Lesson Plans and Worksheets for all Grades

More Lessons for Grade 7

Common Core For Grade 7

Examples, videos, and solutions to help Grade 7 students learn how to compare tape diagram solutions to algebraic solutions.

### New York State Common Core Math Grade 7, Module 2, Lesson 17

Download worksheets for Grade 7, Module 2, Lesson 17

Example 1

Expenses on Your Family Vacation

John and Ag are summarizing some of the expenses of their family vacation for themselves and their three children, Louie, Missy, and Bonnie. Create a model to determine how much each item will cost, using all of the given information. Then, answer the questions that follow.

Scenario 1 During one rainy day on the vacation, the entire family decided to go watch a matinee movie in the morning and a drive- in movie in the evening. The price for a matinee movie in the morning is different than the cost of a drive-in movie in the evening. The tickets for the matinee morning movie cost each. How much did each person spend that day on movie tickets if the ticket cost for each family member was the same? What was the cost for a ticket for the drive-in movie in the evening? Scenario 2

For dinner one night, the family went to the local pizza parlor. The cost of a soda was If each member of the family had a soda and one slice of pizza, how much did one slice of pizza cost?

Discussion / Lesson Questions for Algebraic Approach

1. When solving an equation with parentheses, order of operations must be followed. What property can be used to eliminate parentheses; for example, 3(a + b) = 3a + 3b ?

Lesson Plans and Worksheets for Grade 7

Lesson Plans and Worksheets for all Grades

More Lessons for Grade 7

Common Core For Grade 7

Examples, videos, and solutions to help Grade 7 students learn how to compare tape diagram solutions to algebraic solutions.

Lesson 17 Student Outcomes

Students use tape diagrams to solve equations of the form px + q = r and p(x + q) = r, (where p, q, and r, are small positive integers), and identify the sequence of operations used to find the solution.

Students translate word problems to write and solve algebraic equations using tape diagrams to model the steps they record algebraically.

Lesson 17 Summary

Tape Diagrams can be used to model and identify the sequence of operations to find a solution algebraically.

The goal in solving equations algebraically is to isolate the variable.

The process of doing this requires “undoing” addition or subtraction to obtain a 0 and “undoing” multiplication or division to obtain a 1. The additive inverse and multiplicative inverse properties are applied, to get the 0 (the additive identity) and 1 (the multiplicative identity).

The addition and multiplication properties of equality are applied because in an equation, A = B, when a number is added or multiplied to both sides, the resulting sum or product remains equal.

Example 1

Expenses on Your Family Vacation

John and Ag are summarizing some of the expenses of their family vacation for themselves and their three children, Louie, Missy, and Bonnie. Create a model to determine how much each item will cost, using all of the given information. Then, answer the questions that follow.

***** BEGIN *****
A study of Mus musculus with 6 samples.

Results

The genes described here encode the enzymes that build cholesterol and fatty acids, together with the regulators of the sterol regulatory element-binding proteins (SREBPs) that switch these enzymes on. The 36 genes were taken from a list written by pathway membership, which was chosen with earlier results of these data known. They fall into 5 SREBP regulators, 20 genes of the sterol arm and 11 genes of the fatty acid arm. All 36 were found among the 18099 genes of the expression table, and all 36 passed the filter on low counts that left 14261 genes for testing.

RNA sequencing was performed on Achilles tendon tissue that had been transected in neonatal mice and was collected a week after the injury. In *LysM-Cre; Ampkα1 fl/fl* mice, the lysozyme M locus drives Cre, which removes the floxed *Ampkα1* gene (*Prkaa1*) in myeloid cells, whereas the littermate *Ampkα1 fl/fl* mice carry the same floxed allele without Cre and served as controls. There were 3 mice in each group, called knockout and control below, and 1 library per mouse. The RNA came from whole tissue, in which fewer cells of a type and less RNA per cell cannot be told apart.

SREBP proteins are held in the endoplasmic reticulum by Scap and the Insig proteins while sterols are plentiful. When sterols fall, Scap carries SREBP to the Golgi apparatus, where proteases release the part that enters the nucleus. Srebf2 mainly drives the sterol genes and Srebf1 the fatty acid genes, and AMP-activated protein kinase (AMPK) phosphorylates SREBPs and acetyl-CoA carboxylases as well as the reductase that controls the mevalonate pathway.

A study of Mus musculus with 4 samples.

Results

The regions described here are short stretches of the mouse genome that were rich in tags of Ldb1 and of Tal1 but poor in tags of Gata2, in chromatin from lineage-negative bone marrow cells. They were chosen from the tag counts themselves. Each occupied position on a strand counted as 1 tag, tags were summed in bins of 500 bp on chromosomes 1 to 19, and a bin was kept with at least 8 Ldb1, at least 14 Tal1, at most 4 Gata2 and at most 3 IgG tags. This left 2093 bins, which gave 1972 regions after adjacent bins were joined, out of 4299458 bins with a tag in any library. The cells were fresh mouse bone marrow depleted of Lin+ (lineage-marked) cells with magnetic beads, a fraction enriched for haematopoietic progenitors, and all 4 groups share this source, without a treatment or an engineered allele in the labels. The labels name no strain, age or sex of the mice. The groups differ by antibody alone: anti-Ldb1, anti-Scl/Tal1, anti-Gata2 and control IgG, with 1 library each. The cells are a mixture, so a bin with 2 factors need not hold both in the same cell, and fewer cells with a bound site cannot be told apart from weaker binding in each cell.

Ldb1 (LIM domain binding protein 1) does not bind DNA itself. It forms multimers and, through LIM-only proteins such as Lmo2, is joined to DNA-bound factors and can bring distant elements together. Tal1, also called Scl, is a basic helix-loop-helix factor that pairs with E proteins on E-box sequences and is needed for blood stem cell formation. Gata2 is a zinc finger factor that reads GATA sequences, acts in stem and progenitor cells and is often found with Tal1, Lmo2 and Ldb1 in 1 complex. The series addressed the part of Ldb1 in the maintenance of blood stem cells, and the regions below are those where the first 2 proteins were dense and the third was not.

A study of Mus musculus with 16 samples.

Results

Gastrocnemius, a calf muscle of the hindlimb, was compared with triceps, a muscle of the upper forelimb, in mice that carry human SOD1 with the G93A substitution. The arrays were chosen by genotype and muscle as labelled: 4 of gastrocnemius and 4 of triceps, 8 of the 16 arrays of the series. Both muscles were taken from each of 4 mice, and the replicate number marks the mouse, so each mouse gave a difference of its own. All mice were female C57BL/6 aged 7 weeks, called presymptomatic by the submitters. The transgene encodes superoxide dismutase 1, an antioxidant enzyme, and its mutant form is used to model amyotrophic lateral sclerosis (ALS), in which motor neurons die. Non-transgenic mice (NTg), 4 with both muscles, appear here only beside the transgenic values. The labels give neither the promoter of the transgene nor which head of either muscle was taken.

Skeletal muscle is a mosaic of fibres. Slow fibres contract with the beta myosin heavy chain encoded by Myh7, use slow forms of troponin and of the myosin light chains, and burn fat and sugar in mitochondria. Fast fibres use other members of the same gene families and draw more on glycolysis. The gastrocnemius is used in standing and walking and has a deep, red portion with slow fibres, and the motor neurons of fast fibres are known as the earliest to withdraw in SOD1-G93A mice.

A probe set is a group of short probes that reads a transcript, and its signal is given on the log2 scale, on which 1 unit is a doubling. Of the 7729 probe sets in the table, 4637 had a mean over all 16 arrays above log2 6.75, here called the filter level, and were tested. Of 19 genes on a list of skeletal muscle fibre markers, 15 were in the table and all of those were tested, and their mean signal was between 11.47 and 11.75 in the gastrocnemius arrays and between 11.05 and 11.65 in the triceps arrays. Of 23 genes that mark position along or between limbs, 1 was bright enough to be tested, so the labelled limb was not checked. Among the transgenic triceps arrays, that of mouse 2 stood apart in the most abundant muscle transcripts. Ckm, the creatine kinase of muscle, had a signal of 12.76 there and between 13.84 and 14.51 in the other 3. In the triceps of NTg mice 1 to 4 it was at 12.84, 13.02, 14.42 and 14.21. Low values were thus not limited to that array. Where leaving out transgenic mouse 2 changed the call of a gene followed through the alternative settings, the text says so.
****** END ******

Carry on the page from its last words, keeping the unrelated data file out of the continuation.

Scenario 1 During one rainy day on the vacation, the entire family decided to go watch a matinee movie in the morning and a drive- in movie in the evening. The price for a matinee movie in the morning is different than the cost of a drive-in movie in the evening. The tickets for the matinee morning movie cost each. How much did each person spend that day on movie tickets if the ticket cost for each family member was the same? What was the cost for a ticket for the drive-in movie in the evening? Scenario 2

For dinner one night, the family went to the local pizza parlor. The cost of a soda was If each member of the family had a soda and one slice of pizza, how much did one slice of pizza cost?

Discussion / Lesson Questions for Algebraic Approach

1. When solving an equation with parentheses, order of operations must be followed. What property can be used to eliminate parentheses; for example, 3(a + b) = 3a + 3b ?

2. Another approach to solving the problem is to eliminate the coefficient first. How would one go about eliminating the coefficient?

3. How do we “undo” multiplication?

4. What is the result when “undoing” multiplication in any problem?

5. What mathematical property is being applied when “undoing” multiplication?

6. What approach must be taken when solving for a variable in an equation and “undoing” addition is required?

7. How can this approach be shown with a tape diagram?

8. What is the result when “undoing” addition in any problem?

9. What mathematical property is being applied when “undoing” addition?

10. What mathematical property allows us to perform an operation (or, “do the same thing”) on both sides of the equation?

11. How are the addition and multiplication properties of equality applied?

Exercise 1

The cost of a babysitting service on a cruise is $10 for the first hour, and $12 for each additional hour. If the total cost of babysitting baby Aaron was $58, how many hours was Aaron at the sitter?

How can a tape diagram be used to model this problem?

How is the tape diagram for this problem similar to the tape diagrams used in the previous activity?

How is the tape diagram for this problem different than the tape diagrams used in the previous activity?

Lesson 17 Problem Set

3. Jillian exercises 5 times a week. She runs 3 mi. each morning and bikes in the evening. If she exercises a total of 30
miles for the week, how many miles does she bike each evening?